A's land Cespedes with four-year contract
Power-hitting Cuban outfielder agrees to $36 million deal
OAKLAND -- Following a series of unpopular moves, the A's changed the course of their busy offseason on Monday, agreeing to terms with Cuban sensation Yoenis Cespedes for four years.
The 26-year-old outfielder is set to make $36 million during that time, MLB.com confirmed.
The deal, which won't be officially announced by the A's until Cespedes has taken a physical, precludes Oakland from offering him arbitration, meaning the outfielder will automatically become a free agent at the conclusion of the 2015 season.
"I am super happy because it's been a dream of mine for a long time," Cespedes told MLB.com from the Dominican Republic. "To leave my country and play in the big leagues is what the goal was. My family is really happy, too. They are living their dreams through me."
Oakland is believed to have outbid the Miami Marlins, who had been considered the favorites to land Cespedes amid a competition that also included the Cubs, Tigers, Orioles and White Sox. Just last week, Cespedes was in Miami via a travel visa, touring the Marlins' new facility with agent Adam Katz.
"Miami was a great visit," Cespedes said. "I had a good time. I ate with the team president and other people in the front office. They were nice and it was a great experience, but the A's were for me.
"It was a great process, training and working out for teams. It was a difficult decision to leave Cuba, but I'm really excited with how things worked out. I saw a bunch of teams and they saw me, too, but Oakland was the best for me."
The Marlins reportedly offered Cespedes a six-year deal ranging in value from $36 million to $40 million but were not willing to give him $9 million per year, as the A's did.
Moreover, Cespedes' representatives felt "the A's wanted him more than anyone else," MLB.com's Peter Gammons reported via Twitter. Oakland was among the finalists for Cuban players Aroldis Chapman and Alexei Ramirez when they were free agents after defecting in recent years.
By snagging Cespedes, thought to be a five-tool player, Oakland has landed a power-hitting center fielder who will perfectly slot into the middle of what was previously a lackluster lineup. He can play all outfield positions but is best suited for center, meaning Coco Crisp could potentially settle at one of the corners.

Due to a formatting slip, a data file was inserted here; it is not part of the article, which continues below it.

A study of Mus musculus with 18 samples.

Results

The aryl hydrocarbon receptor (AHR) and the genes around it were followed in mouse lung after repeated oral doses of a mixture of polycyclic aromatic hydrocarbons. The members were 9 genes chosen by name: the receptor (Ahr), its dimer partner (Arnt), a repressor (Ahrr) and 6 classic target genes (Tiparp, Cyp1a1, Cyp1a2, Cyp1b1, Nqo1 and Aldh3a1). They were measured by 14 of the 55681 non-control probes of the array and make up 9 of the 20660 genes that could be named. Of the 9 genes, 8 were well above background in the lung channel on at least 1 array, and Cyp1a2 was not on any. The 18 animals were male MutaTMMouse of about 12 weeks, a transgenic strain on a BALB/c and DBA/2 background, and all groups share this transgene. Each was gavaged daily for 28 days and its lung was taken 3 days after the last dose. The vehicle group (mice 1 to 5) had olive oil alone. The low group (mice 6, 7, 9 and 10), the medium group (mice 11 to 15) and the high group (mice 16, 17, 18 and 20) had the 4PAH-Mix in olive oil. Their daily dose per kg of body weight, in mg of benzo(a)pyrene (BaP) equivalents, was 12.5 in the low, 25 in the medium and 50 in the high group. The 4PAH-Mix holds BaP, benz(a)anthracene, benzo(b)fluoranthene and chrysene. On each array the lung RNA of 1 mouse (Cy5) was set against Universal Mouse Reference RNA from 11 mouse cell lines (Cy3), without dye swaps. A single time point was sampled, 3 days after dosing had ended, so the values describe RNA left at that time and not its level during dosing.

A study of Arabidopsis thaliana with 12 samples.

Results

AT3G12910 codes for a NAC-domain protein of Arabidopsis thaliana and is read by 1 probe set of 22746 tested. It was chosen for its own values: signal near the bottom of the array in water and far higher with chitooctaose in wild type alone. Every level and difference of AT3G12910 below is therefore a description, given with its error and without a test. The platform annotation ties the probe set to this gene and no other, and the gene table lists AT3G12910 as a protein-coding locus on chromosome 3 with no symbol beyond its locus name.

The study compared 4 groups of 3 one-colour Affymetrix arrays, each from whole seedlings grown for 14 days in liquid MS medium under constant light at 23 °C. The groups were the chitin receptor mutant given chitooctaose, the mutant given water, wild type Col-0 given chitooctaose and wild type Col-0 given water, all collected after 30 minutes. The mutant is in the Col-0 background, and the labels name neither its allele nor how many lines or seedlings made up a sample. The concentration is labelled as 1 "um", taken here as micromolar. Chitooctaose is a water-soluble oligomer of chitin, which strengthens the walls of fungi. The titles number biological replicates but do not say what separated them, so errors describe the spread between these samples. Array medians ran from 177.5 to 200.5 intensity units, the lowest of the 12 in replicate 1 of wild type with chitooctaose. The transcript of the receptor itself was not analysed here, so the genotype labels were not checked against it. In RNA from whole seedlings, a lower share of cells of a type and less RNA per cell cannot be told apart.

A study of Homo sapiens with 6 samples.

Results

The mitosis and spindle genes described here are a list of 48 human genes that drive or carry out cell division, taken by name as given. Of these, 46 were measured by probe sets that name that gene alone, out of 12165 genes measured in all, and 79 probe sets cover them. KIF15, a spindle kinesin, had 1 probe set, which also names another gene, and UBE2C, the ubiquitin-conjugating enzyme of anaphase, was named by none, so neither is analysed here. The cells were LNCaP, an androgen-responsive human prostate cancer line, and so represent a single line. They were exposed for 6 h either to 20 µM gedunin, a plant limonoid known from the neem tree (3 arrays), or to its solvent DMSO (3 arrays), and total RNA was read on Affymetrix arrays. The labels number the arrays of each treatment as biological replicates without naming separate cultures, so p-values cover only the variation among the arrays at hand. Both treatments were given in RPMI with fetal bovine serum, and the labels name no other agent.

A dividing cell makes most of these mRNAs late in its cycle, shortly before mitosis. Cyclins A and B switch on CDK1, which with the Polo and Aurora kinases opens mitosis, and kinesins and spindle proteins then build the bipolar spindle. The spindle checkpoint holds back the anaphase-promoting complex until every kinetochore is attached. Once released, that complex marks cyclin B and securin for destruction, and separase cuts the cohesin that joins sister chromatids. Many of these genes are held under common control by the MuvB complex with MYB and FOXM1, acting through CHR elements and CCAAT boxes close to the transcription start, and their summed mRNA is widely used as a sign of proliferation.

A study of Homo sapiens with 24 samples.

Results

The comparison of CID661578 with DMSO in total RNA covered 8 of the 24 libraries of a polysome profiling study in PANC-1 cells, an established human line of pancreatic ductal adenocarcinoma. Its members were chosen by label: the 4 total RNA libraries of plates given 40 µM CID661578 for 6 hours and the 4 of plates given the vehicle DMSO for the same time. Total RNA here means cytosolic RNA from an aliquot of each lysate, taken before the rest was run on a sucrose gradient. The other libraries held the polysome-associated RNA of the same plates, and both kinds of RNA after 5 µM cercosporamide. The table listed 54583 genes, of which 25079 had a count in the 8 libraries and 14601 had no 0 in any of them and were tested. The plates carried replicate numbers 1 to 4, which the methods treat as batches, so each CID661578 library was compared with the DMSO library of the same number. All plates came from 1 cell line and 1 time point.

The A's, who essentially entered the offseason with a blank outfield, also have Josh Reddick, Seth Smith, Collin Cowgill and Jonny Gomes in the mix -- a scene that should make for an eventful Spring Training.
"My first goal is to make the team and stay healthy all season, and little by little, I'll make more goals," Cespedes said. "I've been preparing every day for this, and I 100 percent believe that I am ready for the Major Leagues. I have a lot of international experience and experience at a high level. I'm very confident in my abilities.
"Believe me, I'm going to give the best I have, and I'm going to leave it all on the field. I'll do my best and show I deserve this opportunity. I know I can do it. I'm ready."
Monday's move also perhaps restores faith in doubtful fans who, earlier in the winter, watched Oakland trade All-Star pitchers Trevor Cahill, Gio Gonzalez and Andrew Bailey as it looks ahead to the potential of moving into a new stadium in San Jose. Cespedes' signing would seem to complement the A's plans of contending in that new home, although there's no guarantee he'll still be with the A's when that time comes.
The 6-foot, 215-pound Cespedes played eight seasons for Granma in the Cuban League, tallying a record 33 home runs to go along with a .333 average and 99 RBIs in 90 games during the 2010-11 campaign. He was also Cuba's starting center fielder during the 2009 World Baseball Classic, batting .458 in six games.
The Cuban defector, who recently gained temporary residence in the Dominican Republic, was declared a free agent by Major League Baseball on Jan. 25 but was not allowed to sign with a team until legally cleared by the U.S. Treasury Department's Office of Foreign Assets Control.
Recently unblocked, Cespedes was free to sign with the A's, and he'll need to obtain a worker's visa before joining the team in Arizona for Spring Training.
Jane Lee is a reporter for MLB.com. Read her blog, Major Lee-ague, and follow her on Twitter @JaneMLB. Jesse Sanchez contributed reporting. This story was not subject to the approval of Major League Baseball or its clubs.